GUS filed a suit in Delaware Chancery Court, alleging that ABI had wrongfully interfered with GUS's merger agreement because ABI had no legal right to make an offer for database marketing firm Metromail.
On 13 March, GUS had announced an agreement to buy Metromail for $831m (pounds 500m), or $31.50 a share, plus debt.
But rival ABI has attempted to break up the deal, alleging via a lawsuit that Metromail chose the bid from GUS without conducting a fair auction.
ABI last Wednesday topped GUS's offer with a bid at $850m in cash. Metromail said it would hold talks with ABI to evaluate the offer as part of its responsibility to generate value for shareholders. A hearing on ABI's lawsuit is scheduled for March 27 in Delaware.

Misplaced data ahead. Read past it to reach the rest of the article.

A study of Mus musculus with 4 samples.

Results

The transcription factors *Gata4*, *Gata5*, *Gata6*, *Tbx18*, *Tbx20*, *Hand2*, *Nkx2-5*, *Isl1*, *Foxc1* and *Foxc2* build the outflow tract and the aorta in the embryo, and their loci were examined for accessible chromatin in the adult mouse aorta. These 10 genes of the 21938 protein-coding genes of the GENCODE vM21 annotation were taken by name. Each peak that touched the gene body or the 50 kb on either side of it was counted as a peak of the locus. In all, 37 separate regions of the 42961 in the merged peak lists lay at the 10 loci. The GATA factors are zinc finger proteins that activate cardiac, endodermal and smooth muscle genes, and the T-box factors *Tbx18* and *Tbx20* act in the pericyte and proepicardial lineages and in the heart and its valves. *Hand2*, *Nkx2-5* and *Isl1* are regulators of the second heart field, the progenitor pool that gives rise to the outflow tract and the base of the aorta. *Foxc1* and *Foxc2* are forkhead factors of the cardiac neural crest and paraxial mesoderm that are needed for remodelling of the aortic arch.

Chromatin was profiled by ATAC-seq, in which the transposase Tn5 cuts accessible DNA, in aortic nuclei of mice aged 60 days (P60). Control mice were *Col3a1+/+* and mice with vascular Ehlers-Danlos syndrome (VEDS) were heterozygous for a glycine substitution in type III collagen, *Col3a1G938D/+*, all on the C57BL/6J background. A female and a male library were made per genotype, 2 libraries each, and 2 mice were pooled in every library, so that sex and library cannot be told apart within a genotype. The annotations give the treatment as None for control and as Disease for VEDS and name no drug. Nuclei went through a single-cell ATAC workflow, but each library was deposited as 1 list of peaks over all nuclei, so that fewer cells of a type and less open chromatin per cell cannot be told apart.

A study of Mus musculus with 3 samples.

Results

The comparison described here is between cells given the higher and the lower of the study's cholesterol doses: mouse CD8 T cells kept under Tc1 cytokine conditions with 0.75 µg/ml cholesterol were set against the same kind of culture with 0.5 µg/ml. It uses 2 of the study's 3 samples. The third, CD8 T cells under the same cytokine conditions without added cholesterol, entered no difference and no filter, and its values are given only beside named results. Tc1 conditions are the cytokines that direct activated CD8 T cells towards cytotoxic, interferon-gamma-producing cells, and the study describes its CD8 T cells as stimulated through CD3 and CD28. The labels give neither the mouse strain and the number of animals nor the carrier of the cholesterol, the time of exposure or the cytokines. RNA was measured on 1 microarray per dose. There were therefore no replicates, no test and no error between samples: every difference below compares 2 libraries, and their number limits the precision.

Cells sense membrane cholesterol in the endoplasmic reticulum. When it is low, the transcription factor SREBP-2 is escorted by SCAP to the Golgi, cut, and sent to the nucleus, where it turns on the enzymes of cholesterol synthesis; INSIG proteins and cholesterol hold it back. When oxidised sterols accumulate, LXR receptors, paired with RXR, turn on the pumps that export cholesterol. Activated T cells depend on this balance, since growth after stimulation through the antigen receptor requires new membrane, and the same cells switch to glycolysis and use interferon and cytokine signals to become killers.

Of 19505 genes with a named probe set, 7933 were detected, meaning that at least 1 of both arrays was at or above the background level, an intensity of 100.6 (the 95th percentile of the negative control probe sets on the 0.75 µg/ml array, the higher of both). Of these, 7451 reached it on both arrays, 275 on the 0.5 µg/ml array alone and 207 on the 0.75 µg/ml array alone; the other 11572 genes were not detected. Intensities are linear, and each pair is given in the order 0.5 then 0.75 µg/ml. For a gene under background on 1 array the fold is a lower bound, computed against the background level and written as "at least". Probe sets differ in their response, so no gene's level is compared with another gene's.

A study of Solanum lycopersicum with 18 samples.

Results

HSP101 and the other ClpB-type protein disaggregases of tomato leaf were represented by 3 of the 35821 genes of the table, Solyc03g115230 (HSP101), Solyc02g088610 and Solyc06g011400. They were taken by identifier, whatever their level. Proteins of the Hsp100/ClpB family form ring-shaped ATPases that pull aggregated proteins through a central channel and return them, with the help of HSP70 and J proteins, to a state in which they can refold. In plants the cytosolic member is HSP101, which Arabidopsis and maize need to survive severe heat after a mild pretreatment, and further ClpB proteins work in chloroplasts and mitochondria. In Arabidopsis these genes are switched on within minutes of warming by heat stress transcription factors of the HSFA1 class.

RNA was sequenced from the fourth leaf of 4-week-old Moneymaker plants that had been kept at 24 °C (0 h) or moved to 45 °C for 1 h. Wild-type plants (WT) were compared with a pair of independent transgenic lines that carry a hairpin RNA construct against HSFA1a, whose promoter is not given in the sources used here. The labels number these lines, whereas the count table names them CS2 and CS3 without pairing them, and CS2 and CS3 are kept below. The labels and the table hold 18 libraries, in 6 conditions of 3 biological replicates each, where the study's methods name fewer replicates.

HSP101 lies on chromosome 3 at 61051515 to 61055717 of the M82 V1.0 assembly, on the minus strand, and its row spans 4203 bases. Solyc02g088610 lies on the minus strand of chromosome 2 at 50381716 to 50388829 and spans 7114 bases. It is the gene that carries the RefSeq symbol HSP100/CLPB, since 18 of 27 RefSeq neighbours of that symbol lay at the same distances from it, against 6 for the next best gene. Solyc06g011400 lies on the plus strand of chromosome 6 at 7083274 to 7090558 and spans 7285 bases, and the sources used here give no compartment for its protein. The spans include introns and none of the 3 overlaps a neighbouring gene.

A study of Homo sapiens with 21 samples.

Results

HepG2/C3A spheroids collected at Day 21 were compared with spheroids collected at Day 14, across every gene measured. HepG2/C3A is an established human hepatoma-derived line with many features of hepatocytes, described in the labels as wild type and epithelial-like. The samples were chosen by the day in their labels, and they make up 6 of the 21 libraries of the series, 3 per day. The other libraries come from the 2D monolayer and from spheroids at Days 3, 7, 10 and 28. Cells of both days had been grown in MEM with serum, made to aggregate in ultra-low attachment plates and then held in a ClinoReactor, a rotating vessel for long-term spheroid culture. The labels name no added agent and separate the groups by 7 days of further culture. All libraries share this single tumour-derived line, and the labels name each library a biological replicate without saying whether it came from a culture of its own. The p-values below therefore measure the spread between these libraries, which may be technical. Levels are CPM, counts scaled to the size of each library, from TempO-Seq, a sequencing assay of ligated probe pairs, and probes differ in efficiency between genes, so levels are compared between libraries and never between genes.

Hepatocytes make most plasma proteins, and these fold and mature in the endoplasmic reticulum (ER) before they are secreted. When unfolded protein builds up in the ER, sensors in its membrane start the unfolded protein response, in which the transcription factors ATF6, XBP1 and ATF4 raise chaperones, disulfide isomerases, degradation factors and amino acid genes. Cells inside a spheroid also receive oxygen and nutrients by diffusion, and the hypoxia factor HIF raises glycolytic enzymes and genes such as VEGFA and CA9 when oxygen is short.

GUS's counterclaim seeks an injunction against ABI from interfering with its merger agreement, or if an injunction is denied, "very substantial damages," GUS said.
Retail analysts said ABI was obviously pushing to get its bid considered. But they suggested GUS would want to avoid a bidding war when the company was also making a pounds 1.6bn hostile offer for Argos, the catalogue showroom retailer.
William Cullum, analyst at Paribas Capital Markets, said: "Lawsuits are a fact of life in the US, it's just the price of doing business there." GUS shares fell 3.5p, or 0.4 per cent, to 775.5p.
Metromail said on Friday it would talk to ABI about its offer. The company has an agreement with GUS to pay the UK. retailer $15m if the bid does not go through. ABI may make a "modest" boost to its offer if Metromail can invalidate the break-up fee, Metromail said.
GUS wants Metromail because of overlaps with its own credit information business Experian-DMT in data purchasing, software licensing and development. The two are also US neighbours, being only about 10 miles apart. GUS bought Experian, which is the largest US credit information company, in 1996 for pounds 1bn.